Factory Man: How One Furniture Maker Battled Offshoring, Stayed Local - and Helped Save an American Town
3 of 5 stars
The story of Bassett furniture and John Bassett III in particular is a great one that should be told. Beth Macy does a reasonable job telling it, but spends much too much time discussing her challenges and experiences writing the book as...
The Silent Man
5 of 5 stars
Another great John Wells book. I previously compared Alex Berenson and his hero, John Wells, with Vince Flynn and his troubled CIA agent/assassin, Mitch Rapp. Towards the end of Flynn's short life and in his final Rapp books, Flynn got a...
Getting Started with Hobby Quadcopters and Drones
2 of 5 stars
When I was looking up reviews of drones on the web, I found several mentions of this "book" (a pamphlet,really). It's OK,but all the information can be easily found elsewhere online. The repeated warning about crashing your drone and sta...
The Martian
5 of 5 stars
Wow. Just . . . wow. This was one of the most entertaining books I have read in a long time. The story is fabulous and the execution wonderful. Basically a diary of an astronaut left behind in an escape from a failed Mars mission (though...
The Ghost War
5 of 5 stars
I've read a few other of Berenson's John Wells books before and found them entertaining,although not up to the standard set by Vince Flynn and his hero, Mitch Rapp. Sadly, Flynn passed away and having finished all the Mitch Rapp books, I...

Andy Grove Describes Google’s Organizational Structure as Brownian Motion

iinovate has a great podcast with accompanying YouTube videos of an interview with Eric Schmidt, CEO of Google.  They have broken out one segment where a luminary, in this case Andy Grove of Intel fame, asks a question.  Grove queries: 

“From the outside it looks like Google’s organizational structure is best described by . . . Brownian motion . . in an expanding bottle.  Does [Eric Schmidt] think it will work forever.”

I find Schmidt’s answer to be revealing.  It’s so convenient to think of Google, its inner workings in particular, in some uniform, consistent way.  I know that I’m certainly guilty of this.  The stories of days off to innovate, corporate massage therapists at everyone’s disposal, cappuccino machines in every closet and Guitar Hero duels whenever employees feel the urge are captivating.  It’s also easy to let visions of this environment overtake the realization that real work gets done in spades within the company’s walls.  Schmidt states that legal, finance, M&A, investment and even sales are all run in “a very traditional way.”  Further, he says that it’s only the “creative side” that gets all the attention and can be described as Brownian motion which, he thinks, is a reasonable description.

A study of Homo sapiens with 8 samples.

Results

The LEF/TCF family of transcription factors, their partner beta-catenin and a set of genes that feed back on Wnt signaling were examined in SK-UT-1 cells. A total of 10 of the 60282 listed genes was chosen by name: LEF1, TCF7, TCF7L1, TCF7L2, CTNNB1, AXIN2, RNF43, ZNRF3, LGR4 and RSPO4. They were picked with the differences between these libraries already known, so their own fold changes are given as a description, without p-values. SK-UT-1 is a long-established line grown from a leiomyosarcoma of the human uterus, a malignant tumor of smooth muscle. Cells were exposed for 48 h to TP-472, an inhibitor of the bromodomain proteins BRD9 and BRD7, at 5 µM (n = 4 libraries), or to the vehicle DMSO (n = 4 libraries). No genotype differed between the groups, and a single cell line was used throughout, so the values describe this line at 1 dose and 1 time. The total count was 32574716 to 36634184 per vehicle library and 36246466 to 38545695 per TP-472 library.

Doh!  Of course.  That makes complete sense.  There goes my fantasy about the insides of the company being in some kind of total, but managed chaos.  I guess there is no tooth fairy after all.  Next, someone’s gonna tell me there’s no Santa Claus.

Check out the iinovate post for the other, longer part of the interview.

Thanks to Guy Kawasaki for pointing it out.

  • http://amicuscapitalservices.com/ Bill Tilley

    makes sense, at the end of the day a business needs to be run like a business with an awareness of the bottom line. One needs to make sure as processes are refined and improved that the business yield productivity gains from them. A business can run with the perks but productivity and profitability needs to be tracked a improved upon steadily.